London. An year long embargo on export military equipment to Saudi Arabia by Britain has been lifted, the government announced on July 7. The sale of weapons to Saudi Arabia were banned in June 2019 after a UK Court of Appeal ruled that the government may have contravened international humanitarian law by approving weapons sales to the Saudis that might have been used in the civil war in Yemen.
Britain is one of the largest exporters of defence equipment in the world, largely thanks to Saudi Arabia’s purchase over more than 30 years of Tornado and Typhoon combat jets as well as Hawk jet trainers. Raytheon Paveway IV precision-guided bombs, partly built in the U.K., are also among the list of recent significant sales to Saudi Arabia.
In an action brought by anti-arms trade campaigners, the court ruling forced the British government to reassess whether previous export licenses had been issued on the correct legal basis, given alleged violations of international humanitarian law by the Saudi military, specifically reported airstrikes that hit civilian targets.
“The incidents, which have been assessed to be possible violations of international humanitarian law, occurred at different times, in different circumstances and for different reasons,” said International Trade Secretary Liz Truss.
“In retaking these decisions, I have taken into account the full range of information available to the government. In the light of all that information and analysis, I have concluded that, notwithstanding the isolated incidents, which have been factored into the analysis as historic violations of international humanitarian law, Saudi Arabia has a genuine intent and the capacity to comply with international humanitarian law,” she added. “On that basis, I have assessed that there is not a clear risk that the export of arms and military equipment to Saudi Arabia might be used in the commission of a serious violation of international humanitarian law.”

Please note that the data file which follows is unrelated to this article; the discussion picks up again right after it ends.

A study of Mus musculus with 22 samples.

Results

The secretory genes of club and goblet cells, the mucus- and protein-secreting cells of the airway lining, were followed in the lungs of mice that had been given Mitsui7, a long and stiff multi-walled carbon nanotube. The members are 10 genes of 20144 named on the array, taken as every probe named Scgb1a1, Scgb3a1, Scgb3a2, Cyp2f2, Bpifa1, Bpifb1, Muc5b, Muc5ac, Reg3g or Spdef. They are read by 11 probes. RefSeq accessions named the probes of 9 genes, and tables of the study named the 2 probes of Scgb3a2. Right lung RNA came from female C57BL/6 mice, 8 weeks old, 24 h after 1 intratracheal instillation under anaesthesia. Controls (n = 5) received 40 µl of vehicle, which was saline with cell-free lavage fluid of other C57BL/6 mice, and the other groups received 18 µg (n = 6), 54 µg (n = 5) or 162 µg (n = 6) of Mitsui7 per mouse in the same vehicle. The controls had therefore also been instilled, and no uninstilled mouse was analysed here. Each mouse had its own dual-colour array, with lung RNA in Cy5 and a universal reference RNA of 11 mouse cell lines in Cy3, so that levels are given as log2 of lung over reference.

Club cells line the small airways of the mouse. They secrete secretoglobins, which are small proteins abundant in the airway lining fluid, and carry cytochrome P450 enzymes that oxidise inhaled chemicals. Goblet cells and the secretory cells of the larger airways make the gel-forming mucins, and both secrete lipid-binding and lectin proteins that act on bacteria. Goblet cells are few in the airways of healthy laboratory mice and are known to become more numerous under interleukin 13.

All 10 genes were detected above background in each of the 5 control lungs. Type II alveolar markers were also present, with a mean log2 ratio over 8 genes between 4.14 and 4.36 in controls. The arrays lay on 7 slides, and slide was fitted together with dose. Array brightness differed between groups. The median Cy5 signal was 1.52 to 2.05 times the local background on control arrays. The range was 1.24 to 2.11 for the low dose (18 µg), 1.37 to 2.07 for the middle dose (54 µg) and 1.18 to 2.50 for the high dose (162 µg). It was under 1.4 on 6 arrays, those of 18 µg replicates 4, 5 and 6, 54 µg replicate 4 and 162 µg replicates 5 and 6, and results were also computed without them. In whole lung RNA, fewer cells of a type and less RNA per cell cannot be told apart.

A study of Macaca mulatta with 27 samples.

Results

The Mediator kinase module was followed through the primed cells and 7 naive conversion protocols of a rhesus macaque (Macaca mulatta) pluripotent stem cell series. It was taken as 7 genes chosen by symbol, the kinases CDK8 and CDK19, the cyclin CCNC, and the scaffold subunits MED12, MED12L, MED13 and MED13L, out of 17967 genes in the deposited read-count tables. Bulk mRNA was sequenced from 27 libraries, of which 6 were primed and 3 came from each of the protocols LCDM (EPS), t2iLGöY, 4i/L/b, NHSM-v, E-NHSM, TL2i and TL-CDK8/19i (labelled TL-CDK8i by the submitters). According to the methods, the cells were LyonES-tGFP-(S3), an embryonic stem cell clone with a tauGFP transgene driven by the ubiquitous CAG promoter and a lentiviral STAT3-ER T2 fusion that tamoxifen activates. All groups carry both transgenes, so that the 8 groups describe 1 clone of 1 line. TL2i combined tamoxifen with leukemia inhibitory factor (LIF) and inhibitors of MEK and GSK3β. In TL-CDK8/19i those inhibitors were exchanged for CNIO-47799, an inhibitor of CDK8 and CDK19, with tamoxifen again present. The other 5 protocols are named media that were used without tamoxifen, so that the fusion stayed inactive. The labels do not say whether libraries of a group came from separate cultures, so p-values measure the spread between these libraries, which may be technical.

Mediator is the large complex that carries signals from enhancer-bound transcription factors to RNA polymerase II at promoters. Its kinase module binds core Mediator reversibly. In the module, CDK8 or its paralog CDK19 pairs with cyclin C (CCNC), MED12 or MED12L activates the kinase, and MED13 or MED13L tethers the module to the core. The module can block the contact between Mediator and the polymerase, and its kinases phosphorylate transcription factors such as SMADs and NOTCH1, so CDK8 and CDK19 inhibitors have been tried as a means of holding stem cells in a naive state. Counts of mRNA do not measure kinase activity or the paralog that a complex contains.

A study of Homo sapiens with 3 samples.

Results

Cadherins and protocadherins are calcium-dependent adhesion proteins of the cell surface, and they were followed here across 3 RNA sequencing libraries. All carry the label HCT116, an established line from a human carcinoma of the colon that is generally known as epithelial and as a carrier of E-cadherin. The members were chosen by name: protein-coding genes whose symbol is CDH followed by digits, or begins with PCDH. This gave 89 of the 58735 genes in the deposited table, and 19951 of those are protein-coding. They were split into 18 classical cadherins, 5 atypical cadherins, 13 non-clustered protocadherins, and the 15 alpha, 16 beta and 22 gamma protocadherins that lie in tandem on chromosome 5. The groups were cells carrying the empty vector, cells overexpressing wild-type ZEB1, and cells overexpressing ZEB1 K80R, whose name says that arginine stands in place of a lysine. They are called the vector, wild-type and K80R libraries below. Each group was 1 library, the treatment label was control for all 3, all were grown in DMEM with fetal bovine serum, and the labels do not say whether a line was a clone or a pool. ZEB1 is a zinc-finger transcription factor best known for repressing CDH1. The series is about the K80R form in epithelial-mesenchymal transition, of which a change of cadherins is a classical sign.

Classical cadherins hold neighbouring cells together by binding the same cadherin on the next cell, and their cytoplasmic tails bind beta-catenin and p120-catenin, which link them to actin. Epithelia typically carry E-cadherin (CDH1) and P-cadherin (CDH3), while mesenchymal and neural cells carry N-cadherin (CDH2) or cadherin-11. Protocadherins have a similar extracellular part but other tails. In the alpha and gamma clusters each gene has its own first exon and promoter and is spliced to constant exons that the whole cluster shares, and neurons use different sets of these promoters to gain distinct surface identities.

Truss said exports will resume after the government completes the court-ordered review of defence export licences to the Middle East’s largest buyer of military equipment. The ban only halted new approvals for weapons sales. Work on existing deals, like BAE System’s deals to support Typhoon and Tornado jets, have continued unaffected.
The British government will now “begin the process of clearing the backlog of licence applications for Saudi Arabia and its coalition partners that has built up since June 20 last year,” Truss told Parliament. “It may take some months to clear this backlog.”